Christopher Nolan’s latest film reveals debate about most best way to shoot movies


Christopher Nolan, the director of “Inception” and “The Dark Knight” trilogy is a vocal advocate for shooting movies on celluloid film, which has been the traditional method used to make movies since the creation of motion pictures. His choice to release his latest film “Interstellar,” a science fiction epic, on celluloid rather than screening it through a digital projector has fed the heated debate about which format is the best to shoot movies.

John Lewis, the theater operating manager at the Bullock Texas State History Museum, said that the museum will host the screening, especially since the museum will be changing its IMAX film projector to a digital projector in January.

“We strive to make sure any presentation of a Hollywood screening is shown at the best quality,” Lewis said. “We have held off on replacing the film projector for this event. We’re proud to be showing it on film.”

Lewis said that while film possesses better quality than digital, it is more expensive to produce and appears to be losing favor in the industry. Nevertheless, he thinks that by presenting “Interstellar” on film, Nolan is trying to send a message that filmmakers should still use the medium.

“Film shows the best picture when the projector is maintained by a skilled professional,” Lewis said. “But I think the industry prefers digital because it’s cost-effective. I also understand that the main moviegoing public doesn’t have the untrained eye to see the difference, but, as an IMAX manager, I want to present a film in the highest quality possible.”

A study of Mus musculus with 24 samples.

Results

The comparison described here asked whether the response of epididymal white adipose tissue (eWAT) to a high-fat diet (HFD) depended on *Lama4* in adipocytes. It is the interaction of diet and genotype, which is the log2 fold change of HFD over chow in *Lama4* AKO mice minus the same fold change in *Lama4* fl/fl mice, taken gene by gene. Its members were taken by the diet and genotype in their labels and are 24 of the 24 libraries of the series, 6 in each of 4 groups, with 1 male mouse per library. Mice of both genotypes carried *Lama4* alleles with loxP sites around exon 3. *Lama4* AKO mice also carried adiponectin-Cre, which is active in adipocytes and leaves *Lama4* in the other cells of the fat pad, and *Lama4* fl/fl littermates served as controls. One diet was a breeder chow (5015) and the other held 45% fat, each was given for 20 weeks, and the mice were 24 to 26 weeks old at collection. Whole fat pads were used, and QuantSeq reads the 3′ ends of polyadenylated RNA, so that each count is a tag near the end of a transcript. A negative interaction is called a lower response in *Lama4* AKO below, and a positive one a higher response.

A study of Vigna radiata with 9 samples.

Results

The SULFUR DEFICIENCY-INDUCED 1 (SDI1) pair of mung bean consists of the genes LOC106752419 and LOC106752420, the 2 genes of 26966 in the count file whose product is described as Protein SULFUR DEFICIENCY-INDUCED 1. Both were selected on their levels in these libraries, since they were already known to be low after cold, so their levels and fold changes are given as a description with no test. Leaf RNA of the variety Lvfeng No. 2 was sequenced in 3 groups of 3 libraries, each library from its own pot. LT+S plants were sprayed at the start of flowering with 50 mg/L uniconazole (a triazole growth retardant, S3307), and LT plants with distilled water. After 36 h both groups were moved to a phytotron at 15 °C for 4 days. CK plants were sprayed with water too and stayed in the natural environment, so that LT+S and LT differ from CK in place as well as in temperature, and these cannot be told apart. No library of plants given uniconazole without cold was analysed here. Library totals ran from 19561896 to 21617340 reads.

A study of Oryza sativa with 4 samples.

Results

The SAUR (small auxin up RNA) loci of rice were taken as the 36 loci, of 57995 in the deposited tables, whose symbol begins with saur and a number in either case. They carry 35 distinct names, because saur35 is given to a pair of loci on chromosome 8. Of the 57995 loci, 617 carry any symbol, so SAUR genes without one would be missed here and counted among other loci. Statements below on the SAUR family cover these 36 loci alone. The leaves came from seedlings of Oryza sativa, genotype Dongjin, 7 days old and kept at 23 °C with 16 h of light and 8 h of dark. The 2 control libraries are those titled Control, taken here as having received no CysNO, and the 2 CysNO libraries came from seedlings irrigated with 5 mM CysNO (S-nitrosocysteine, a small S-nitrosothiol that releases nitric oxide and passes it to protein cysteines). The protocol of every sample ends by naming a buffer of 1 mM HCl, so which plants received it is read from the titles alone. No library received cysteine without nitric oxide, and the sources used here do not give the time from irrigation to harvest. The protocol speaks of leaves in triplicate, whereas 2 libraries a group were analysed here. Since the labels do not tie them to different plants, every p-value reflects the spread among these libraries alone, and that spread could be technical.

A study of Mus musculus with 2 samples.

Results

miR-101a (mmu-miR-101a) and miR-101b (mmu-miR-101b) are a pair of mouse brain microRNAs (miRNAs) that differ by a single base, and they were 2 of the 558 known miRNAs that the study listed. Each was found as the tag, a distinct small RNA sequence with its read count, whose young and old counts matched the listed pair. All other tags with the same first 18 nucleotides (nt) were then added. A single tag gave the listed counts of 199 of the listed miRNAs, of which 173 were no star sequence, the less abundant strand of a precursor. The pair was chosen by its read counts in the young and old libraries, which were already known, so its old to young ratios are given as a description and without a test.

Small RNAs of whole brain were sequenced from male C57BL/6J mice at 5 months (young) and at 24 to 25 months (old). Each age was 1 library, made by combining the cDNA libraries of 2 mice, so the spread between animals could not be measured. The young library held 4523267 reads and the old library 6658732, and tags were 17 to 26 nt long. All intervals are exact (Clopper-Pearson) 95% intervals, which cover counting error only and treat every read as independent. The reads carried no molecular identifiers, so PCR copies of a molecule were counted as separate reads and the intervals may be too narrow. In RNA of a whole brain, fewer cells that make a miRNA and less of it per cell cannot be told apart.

Richard Dahms, general manager of Galaxy Theatres Highland, believes that films such as “Interstellar” deserve to be shown the way the filmmakers envisioned, even if it leaves theaters that have dismissed their film projectors at a disadvantage.

“If this is the way the director wants [the film] to be seen, I’ll be happy to show it in the way it was meant to be seen,” Dahms said. “It’s up to the theaters to present the movie the way it was meant to be shown from the director’s vision.”

However, radio-television-film professor Thomas Schatz disagrees with the notion that theaters should be forced to use film when more advanced formats are available, even though it goes against the sensibilities of directors who are loyal to celluloid. He said that the use of actual film to screen motion pictures will eventually become an obsolete process.

“Practicality-wise, it’s ridiculous,” Schatz said. “It’s easier to convert a digital file onto the screen. The celluloid image is superior in some ways, but celluloid is toast. It’s over. We’re getting to a point where digital is advancing to where it’s nearly indistinguishable from film to most people.”

Schatz said that movie theater attendance is dipping lower and lower, and that, while some filmmakers may use film as a means to achieve perfection
in their movies, it may not even matter due to decreased attendance rates and the need for theaters to adapt to digital equipment to shave costs.

As the release date draws closer, Paramount Pictures is preparing for the debut by holding several special advanced screenings on Nov. 5 at various venues in Austin. The film will also be screened digitally starting Nov. 7, which is the movie’s official release date.